You have spent all summer caring for the beautiful garden at your housing cooperative home. It has paid off in the end with a bountiful harvest so now you're work is done, right?! Wrong. The fun doesn't stop there.

Caring for a garden doesn't end after the last tomato has been picked. Nurturing the soil is a major part of preparing your garden for a successful next year. With cold weather fast approaching, it's time to winterize your garden with these 5 easy steps.


seeds on dirt at cedarwood coop

Dig up the rest of your carrots and pull up the beets. Harvest your cold crops like spinach and peas, and grab the last few tomatoes from the vine. But don't eat every last one, you need some for saving seeds!

For fruits such as cucumber, tomatoes, husk cherries and strawberries, break open the fruit flesh on a few and remove the seeds for next year. Make sure you dry them thoroughly on a paper plate or paper towel, turning regularly to prevent mold. Once dried, label a paper envelope, drop the seeds in and store in a cool dark place.

For flowers, snap off the dead heads of some of your favorites and pinch between your fingers over an opened paper envelope. The seeds will drop right in and should already be dried; ready for storage. Label.

Saving seeds is a very rewarding practice. You now have the power to grow your own food year after year without having to rely on seed companies. Just as wonderful is the money it saves from not having to buy new seeds every year.

With that said, if there was a variety of fruit or vegetable that you did not enjoy from the last year, don't save the seeds of course. Make sure you pull up the plant by the root and discard any remnants of the plant in the trash or compost bin. You do not want the seeds developing from a fruit that dropped once springtime hits so removing every piece is a must.


garden tools

Not only does removing dying plants improve the look of your garden, but it's also healthy for it. Some plants can carry disease, pests or fungus through the freezing weather. These plants need to be removed completely to prevent the spread of disease come springtime.

Healthy vegetation can be cut back, loosely chopped up with a shovel and turned into the dirt. The slow decomposing of this green material will provide nutrients to next year's crop. Some also recommend treating your soil with lime and other natural fertilizers at this time. Soil testing should be done before any treatments to determine what to use to provide balance.

Next, any annual plants, such as marigolds, that need to be grown by seed the following year should be removed making sure to pull the root up.

Finally, clean and lubricate all garden tools that need it. Wait until they dry completely -- to prevent mold or rust -- and store in your home for the winter. This is also a great time to purchase any tools you wished you had this past season as many stores offer sales of garden supplies in the fall.


compost and mulch for a cedarwood garden

Similar to turning in healthy vegetation, adding a thin layer of compost and mulch is a great way to infuse nutrients into the soil. It also breaks up problem areas that may be dense with sand or clay. This also helps to suffocate weeds and balance the ph of your soil.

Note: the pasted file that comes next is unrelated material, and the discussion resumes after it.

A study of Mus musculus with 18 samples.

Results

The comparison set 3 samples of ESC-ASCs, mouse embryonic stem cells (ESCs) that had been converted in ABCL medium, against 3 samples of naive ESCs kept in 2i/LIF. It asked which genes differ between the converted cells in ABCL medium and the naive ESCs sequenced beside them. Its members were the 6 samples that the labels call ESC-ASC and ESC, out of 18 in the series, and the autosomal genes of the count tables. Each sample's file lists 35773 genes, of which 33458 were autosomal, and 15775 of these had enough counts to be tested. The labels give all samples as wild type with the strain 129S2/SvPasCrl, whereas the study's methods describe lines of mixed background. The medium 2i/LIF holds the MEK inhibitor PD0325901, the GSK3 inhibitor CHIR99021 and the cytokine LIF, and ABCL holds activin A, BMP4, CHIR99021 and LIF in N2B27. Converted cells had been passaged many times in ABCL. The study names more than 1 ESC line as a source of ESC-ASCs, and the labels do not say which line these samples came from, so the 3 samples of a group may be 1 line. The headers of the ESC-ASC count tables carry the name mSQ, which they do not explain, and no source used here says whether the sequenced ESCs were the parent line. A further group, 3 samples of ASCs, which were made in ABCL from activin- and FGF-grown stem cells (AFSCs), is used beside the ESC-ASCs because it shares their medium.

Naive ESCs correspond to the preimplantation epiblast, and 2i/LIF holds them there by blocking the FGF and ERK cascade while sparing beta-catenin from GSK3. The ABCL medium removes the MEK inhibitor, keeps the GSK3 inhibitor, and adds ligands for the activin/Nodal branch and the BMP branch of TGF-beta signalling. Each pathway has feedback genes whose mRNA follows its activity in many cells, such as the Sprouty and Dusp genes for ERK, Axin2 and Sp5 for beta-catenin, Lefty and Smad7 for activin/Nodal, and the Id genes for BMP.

Adding too thick of a layer, however, can actually insulate your garden, preventing the much needed freeze which kills off many pests and diseases.


leaves on ground in park forest illinois

Leaves are a great natural ground cover that help feed the soil and protect it from erosion. Just as with the compost and mulch, a thin layer can be beneficial, but a thick layer can prevent freezing.

Now, because our housing cooperative requires that leaves be cleaned up from yards regularly, don't go crazy with this recommendation. Continue to remove leaves from your yard and grab just a small handful to cover your garden area. This will feed your soil and keep you within the guidelines set forth by the coop. A win/win for all!


hand taking notes

A lot of time passes between fall and spring. Enough that you may forget what worked for your garden and what didn't. Our recommendation...keep a garden journal to note how everything went while it's still fresh in your mind.

This is a great way to track your learning year after year and it's fun to look back on years down the road. Start by drawing your current garden layout. Label which plants grew where. Reflect on which plants did great and why as well as which ones did not and why.

Write down what location you believe certain plants would benefit more than another. Then, sketch a basic layout for next year with all these considerations in mind. Year after year, you are bound to improve greatly!

If you need some help about what to write, here's a few questions to get your thoughts rolling:

♦ Was your layout appropriate considering height, expansion, vine structure and pathways?

♦ Did certain plants do great in certain areas?

♦ Did certain plants do awful in certain areas?

♦ Did a certain plant prefer more water than you expected or less water?

♦ Did that new fertilizer you found at your hardware store work well or not?

♦ Did you even like the new variety of tomato you grew or would you prefer trying a different one?

♦ Did a plant get eaten by critters/pests/disease?

♦ Did a vine overtake a walkway? Does it need a trellis next year?

The better notes you take this fall, the better prepared you are for next years crop. Now...go get your garden prepped!


At Cedarwood Co-op, we love seeing people express themselves through gardens. We even offer a flower rebate program in the spring to encourage our members to plant and care for their gardens.

While winter tends to be a bit blah in the yard department, spring is right around the corner! Before you know it we'll be at it again! Thanks for reading.